The following are the top 3 players in Red Sox history who lost a big game, but somehow became more popular than they were before. Nathan Eovaldi. 2018 World Series Game 3 vs Los Angeles Dodgers.
He is the reason that I created this list. I’ve never seen anything like the outpouring of support for Eovaldi after he gave up Max Muncy’s walk-off home run. The support was justified because of what Eovaldi did that night in relief, keeping the Red Sox in the game, sacrificing his chance to start game 4, battling in the longest World Series game ever played and when Muncy’s homer cleared the fence, Red Sox Nation only wanted to embrace the guy who embodied everything the 2018 Red Sox stood for.
Obviously there was a happy ending following Eovaldi’s game 3 loss to the Dodgers, what with the Sox winning the series and all. All that sacrifice and selflessness has been parlayed nicely into a 4-year contract to keep the 28-year old right hander in Boston.
Tim Wakefield, 2003 ALCS Game 7 vs New York Yankees.
The horns had gone on this game’s goat long before Tim Wakefield even took the mound on that night. No Red Sox fan worth their salt blamed Tim Wakefield after he gave up Aaron Boone’s walk off, the animosity landed right where it should have, at the feet of Grady Little. If anything, Boone’s home run only endeared Wake to Red Sox fans even more, the pawn in a chess game controlled by a mad man.
Bruce Hurst, 1986 World Series Game 7 vs New York Mets.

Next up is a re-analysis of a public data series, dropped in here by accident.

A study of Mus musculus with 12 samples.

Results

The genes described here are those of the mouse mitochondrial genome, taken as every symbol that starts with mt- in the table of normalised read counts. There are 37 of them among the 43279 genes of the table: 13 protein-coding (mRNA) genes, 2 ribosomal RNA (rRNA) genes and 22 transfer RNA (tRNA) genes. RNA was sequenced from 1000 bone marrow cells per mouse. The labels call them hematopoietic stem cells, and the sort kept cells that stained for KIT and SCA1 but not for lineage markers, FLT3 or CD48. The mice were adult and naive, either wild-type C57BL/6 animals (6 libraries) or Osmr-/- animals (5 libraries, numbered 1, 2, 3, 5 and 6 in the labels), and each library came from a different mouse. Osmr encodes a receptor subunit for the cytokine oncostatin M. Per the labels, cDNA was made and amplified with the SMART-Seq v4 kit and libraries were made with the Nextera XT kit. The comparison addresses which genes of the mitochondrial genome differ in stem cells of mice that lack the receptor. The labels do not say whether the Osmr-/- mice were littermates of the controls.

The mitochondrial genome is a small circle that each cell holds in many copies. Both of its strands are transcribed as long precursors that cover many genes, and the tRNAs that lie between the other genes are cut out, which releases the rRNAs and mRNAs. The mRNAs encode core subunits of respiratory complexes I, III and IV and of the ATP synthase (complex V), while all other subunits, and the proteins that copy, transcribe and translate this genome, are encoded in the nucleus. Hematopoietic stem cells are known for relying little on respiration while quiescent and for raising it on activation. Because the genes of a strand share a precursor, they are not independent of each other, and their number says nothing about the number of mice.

Hurst had a masterful postseason in 1986, posting a 2.40 ERA vs the Angels in the ALCS and was even better in the World Series against New York. Hurst was 2-0 against the Mets heading into the decisive game 7 at Shea Stadium, and had already been named the series MVP before Buckner’s error in game 6 revoked his hardware.
Most people forget that the Red Sox actually had a 3-0 lead going into the bottom of the 6th inning of game 7 before Hurst gave up 3 runs which opened the flood gates for the shaky Sox pen to cough up 5 more runs the next two innings.
Calvin Schiraldi took the loss, which could be the title of any book about the 1986 World Series (he lost games 6 AND 7!) Sox fans could have unfairly blamed Hurst for the L, but they didn’t, Hurst was seen as the playoff warrior that he was; the uncrowned World Series MVP.
By: The Unnamed Source
The “Unamed Source” is famous in media circles these days. This one in particular works in local sports media, but for any number of reasons, wants to stay anonymous.